Australians’ Commitment To Eating Meat
As animal advocates, we know that the food people choose to eat is personal, and old habits die hard. Knowing how willing someone is to change their eating habits, and what factors might make them do so, is a key puzzle piece for advocacy.
The aim of this study was to examine how willing consumers of one developed country – Australia – are to changing their dietary habits to eating less meat. It also examined what factors plays a role in determining whether or not consumers are willing to change their diets, if at all.
The participants of the study were asked to fill out an online questionnaire. In particular, they were asked to rate their willingness to reduce their consumption of meat somewhat or entirely. They were also asked about how frequently they ate meat, whether they had made any recent changes in their consumption of meat, and their reasons for doing so. It also covered questions on their views on meat-free diets.
Based on the findings, the researchers then divided the participants into four distinct groups:
- The first was a group of ‘committed meat eaters’ who were unwilling to make any changes in their diet. This group was the largest of the four, making up 46% of the participants. The results showed ‘committed meat eaters’ were less likely to be influenced by the consequences of meat production on our climate, and were less concerned about how and where meat is produced. They also did not think that meat-free diets have adequate food choices.
- The second group was termed ‘willing meat reducers’ and comprised 22% of the participant sample. This group was willing to eat less meat, but was unwilling to give up meat entirely. They did, however, tend to buy more ‘Certified Humane beef, chicken and pork’ as well as meat without added hormones or antibiotics. They were more likely to be influenced by climate factors than ‘committed meat eaters’ as well as how meat is produced, and they did tend to agree that meat-free diets have adequate food choices.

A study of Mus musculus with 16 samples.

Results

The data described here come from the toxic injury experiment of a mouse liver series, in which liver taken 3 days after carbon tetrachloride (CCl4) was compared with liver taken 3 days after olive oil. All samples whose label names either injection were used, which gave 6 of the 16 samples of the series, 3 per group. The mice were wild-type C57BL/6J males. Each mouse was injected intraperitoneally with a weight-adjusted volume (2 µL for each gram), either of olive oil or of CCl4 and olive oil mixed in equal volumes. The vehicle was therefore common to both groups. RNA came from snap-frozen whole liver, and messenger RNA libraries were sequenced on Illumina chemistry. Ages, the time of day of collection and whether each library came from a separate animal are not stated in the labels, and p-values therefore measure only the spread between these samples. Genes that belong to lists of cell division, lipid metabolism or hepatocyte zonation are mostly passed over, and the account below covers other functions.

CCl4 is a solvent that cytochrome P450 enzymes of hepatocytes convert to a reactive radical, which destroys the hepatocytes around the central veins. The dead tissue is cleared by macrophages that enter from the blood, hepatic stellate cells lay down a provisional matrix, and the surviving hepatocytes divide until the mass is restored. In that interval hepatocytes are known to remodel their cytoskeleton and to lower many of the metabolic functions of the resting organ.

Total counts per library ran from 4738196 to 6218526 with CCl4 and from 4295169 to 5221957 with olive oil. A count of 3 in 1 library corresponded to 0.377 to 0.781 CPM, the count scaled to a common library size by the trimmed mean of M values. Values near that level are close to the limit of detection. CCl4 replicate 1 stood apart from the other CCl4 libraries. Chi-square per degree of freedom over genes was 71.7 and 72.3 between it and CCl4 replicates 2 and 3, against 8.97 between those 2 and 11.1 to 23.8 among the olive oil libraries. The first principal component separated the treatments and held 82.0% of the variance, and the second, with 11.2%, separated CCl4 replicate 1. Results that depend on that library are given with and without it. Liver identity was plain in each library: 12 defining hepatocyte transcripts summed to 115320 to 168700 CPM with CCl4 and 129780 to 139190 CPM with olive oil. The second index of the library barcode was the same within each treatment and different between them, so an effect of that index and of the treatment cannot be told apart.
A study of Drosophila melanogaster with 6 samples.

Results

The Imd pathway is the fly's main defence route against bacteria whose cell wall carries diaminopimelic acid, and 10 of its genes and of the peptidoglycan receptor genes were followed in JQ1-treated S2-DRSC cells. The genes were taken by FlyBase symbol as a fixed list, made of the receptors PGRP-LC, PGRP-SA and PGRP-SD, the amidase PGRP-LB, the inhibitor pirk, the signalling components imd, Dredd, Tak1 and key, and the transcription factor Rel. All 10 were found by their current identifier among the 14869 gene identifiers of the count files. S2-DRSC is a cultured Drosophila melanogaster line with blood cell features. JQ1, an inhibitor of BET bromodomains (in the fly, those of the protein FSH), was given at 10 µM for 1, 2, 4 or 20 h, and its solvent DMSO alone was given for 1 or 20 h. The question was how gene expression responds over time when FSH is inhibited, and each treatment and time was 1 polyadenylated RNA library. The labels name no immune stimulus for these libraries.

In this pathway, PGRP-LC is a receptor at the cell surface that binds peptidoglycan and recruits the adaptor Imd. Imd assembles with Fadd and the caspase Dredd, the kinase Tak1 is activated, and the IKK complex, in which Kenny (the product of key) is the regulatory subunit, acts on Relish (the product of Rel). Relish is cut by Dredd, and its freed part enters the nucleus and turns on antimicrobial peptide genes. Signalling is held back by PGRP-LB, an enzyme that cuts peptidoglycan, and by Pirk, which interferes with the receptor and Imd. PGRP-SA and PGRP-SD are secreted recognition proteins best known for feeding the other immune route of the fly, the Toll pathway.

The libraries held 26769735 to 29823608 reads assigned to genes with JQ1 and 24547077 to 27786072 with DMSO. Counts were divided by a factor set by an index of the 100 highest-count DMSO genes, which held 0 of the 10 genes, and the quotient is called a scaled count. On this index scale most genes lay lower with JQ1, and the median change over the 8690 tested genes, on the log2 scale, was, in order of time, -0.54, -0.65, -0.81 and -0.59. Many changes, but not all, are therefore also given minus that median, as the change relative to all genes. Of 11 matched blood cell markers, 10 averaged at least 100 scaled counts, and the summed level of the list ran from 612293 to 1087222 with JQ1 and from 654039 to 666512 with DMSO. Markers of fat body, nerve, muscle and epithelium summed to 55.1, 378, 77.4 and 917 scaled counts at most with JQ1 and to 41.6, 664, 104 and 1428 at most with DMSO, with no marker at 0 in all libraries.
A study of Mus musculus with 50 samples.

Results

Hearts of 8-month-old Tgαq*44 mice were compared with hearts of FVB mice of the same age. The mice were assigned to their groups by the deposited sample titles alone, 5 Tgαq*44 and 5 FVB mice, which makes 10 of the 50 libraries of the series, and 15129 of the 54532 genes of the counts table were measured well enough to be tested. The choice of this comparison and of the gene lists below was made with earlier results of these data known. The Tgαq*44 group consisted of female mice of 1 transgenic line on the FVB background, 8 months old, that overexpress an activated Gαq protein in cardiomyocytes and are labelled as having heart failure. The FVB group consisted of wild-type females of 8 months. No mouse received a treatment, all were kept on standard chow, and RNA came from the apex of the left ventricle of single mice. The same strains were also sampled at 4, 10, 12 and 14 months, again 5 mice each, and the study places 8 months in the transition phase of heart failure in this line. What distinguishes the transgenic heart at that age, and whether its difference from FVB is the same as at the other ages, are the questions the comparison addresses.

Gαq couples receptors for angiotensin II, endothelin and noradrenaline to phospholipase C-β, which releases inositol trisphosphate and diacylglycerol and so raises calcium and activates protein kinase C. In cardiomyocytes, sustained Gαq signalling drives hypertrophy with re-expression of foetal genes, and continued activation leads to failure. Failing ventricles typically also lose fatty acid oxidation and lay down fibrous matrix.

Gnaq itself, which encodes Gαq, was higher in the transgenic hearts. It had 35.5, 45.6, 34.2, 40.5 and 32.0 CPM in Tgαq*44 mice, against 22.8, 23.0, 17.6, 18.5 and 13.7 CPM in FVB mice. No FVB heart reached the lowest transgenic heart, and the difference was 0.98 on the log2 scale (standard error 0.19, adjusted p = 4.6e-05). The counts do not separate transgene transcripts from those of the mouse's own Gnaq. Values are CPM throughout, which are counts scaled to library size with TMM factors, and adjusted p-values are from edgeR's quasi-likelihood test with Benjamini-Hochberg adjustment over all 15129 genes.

- ‘Undecided meat eaters’ were the third group. This group comprised 17% of the participants and was made up of people who were undecided whether or not to give up meat or not. The results show that this group was willing to eat meat-alternatives more than once a week. Interestingly, however, they were less likely than ‘willing meat reducers’ to think that meat production influences climate change.
- The last group was called the ‘Prospective Veg*ns’ who were willing to change their diet entirely. Sadly, this was the smallest of all the groups and comprised only 15% of the participants. Compared to all other groups, ‘Prospective Veg*ns’ were most likely to think that climate change plays a role in meat production. They also tended to eat several meat-free alternatives per week and were the more likely to exclusively buy humanely produced meat, with no added hormones or antibiotics.
Overall, the results indicate that roughly half of the Australian population are committed to continue eating meat, and are not willing to make any dietary changes in the future. The other half is more likely to make a change toward a meat-free diet.
One thing the researchers pointed out is how small the number of Australians is that believe meat production has a negative impact on the environment. Previous research furthermore suggests that even if people are aware of this, it is nevertheless not enough to convince them to reduce or stop consuming meat.
Another relevant thing to draw attention to is the link that can be seen between an intention to eat less meat in groups 2 and 4, and their self-reported preference for organic meat without antibiotics or added hormones. This could, among other possible explanations, indicate that people who are keen to reduce their meat consumption become more selective about what meat they do eat.
Additionally, the researchers also noted a key difference between committed meat eaters and all other groups: the former tend to regard meat-free alternatives as inadequate whereas none of the other groups do. This suggests that beliefs about meat alternatives play a role in some people’s unwillingness to eat less meat.
Lastly, the researchers also point out that past behavior might play a role in meat consumption: committed meat-eaters have not reported having made any changes to their diet in the past, and might, therefore, be less inclined to do so in the future.
The results of this study are of relevance when it comes to meeting demand for meat and meat alternatives. The insights it gives into the factors that influence meat consumption are important to further encourage a trend-towards meat-free diets. Lastly, the results can also be of insight to policymakers who are focused on different consumer-based strategies to combat climate change. Though the results are Australia-specific, they offer interesting insights that may be more broadly applicable.